State Rep. Shephard’s opioid overdose bill finds national advocate

by Roby Brock ([email protected]) 1,485 views 

Freshman State Rep. Tara Shephard, D-Little Rock, led a bipartisan effort in her first legislative session to pass a bill to provide opioid overdose kits to all public high school and college campuses in Arkansas. That measure has found support at the national level from a Georgia Congressman.

Shephard, who appeared on this week’s Capitol View program, said Act 811 was a fulfillment of her campaign promise to protect children.

“I ran off a campaign that I would protect children. I am a former licensed alcohol and drug abuse counselor. We know, based on surveys given to our college students, that most drug use starts between the ages of 16 to 20 years old. And so, as part of my campaign promise, I wanted to ensure that our children were protected. This particular piece of legislation requires that there are overdose rescue kits on public high schools as well as state-supported colleges and universities,” she said.

U.S. Rep. Buddy Carter, a Republican from Georgia who has championed opioid abuse legislation for years at the federal level, connected with Shephard and expressed interest in mirroring it in Congress.

“I received contact from Congressman Carter’s office – he’s a Republican out of Georgia – and he mentioned that this was a phenomenal bill and that he wanted to mirror it for federal legislation. So I traveled to Washington maybe two weeks ago and I met with the Congressmen and we held a couple of interviews and discussed this legislation and that this was not a partisan issue. This is about saving lives. Roughly 300 Americans a day die from opioid overdoses. We want to work together to show that we can in fact do something to save lives,” Shephard said.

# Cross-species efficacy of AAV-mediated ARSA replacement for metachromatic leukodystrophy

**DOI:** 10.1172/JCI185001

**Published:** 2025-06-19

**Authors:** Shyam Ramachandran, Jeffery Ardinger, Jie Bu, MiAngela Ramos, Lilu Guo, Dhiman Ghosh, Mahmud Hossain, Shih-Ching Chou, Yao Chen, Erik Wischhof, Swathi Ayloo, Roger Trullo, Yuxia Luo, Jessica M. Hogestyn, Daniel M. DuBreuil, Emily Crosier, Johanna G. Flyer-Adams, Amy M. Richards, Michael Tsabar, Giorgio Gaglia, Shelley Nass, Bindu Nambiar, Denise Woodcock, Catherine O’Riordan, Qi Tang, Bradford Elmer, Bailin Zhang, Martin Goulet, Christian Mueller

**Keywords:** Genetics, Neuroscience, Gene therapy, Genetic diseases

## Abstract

Carter is a pharmacist by training and has advocated for expanded access to naloxone, a life-saving drug that can be used to revive individuals during overdoses.

Kirk Lane, who heads the Arkansas Opioid Recovery Partnership and who served as a previous state drug czar, said Shephard’s legislation is extremely helpful in combatting the opioid crisis. His group supported the new law, which had bipartisan support and passed overwhelmingly.

“We were totally supportive. You know, we had worked in the wings of helping her [Shephard] with that legislation. And, based on my previous role, providing naloxone, which is the big part of that kit – it’s an opioid antagonist that allows somebody to breathe during an opioid overdose – to school nurses throughout the state,” he said.

“We stand supportive with funding and the state is in a good place to provide funding through some of the funding apparatus that they have. We will back them up on it where they can’t succeed,” he added.

A fiscal impact study attached to Act 811 shows there is no direct cost to the state, although local funding may come from state funds. Educational institutions will spend approximately $500 per wall mount and Narcan kit. Recurring costs are approximately $75-$125 every two years based on medication expiration dates.

Lane’s Opioid Recovery Partnership, a joint collaboration between the Arkansas Municipal League and Association of Arkansas Counties to spend the massive opioid settlement money – mostly settled during the term of former Attorney General Leslie Rutledge – has been operational since last November. Lane said it has received 148 proposals asking for more than $107.7 million.

Lane said $17.5 million in programs have been funded so far, with many of them supporting the cost of naloxone, but also supporting recovery beds in small communities as well as peer recovery specialists and overdose response teams. Another $10.2 million in applications are pending.

“By the end of next week, we’ll probably push out about 36,000 naloxone kits just in Arkansas,” he said. “We’re seeing a big difference. That’s over 70,000 units pushed into a population of three million… We’re starting to see some changes take place. People are saving people before first responders arrive and it’s saving lives. We’re starting to see our numbers start to go down.”

You can watch Shephard’s and Lane’s full interview in the video below.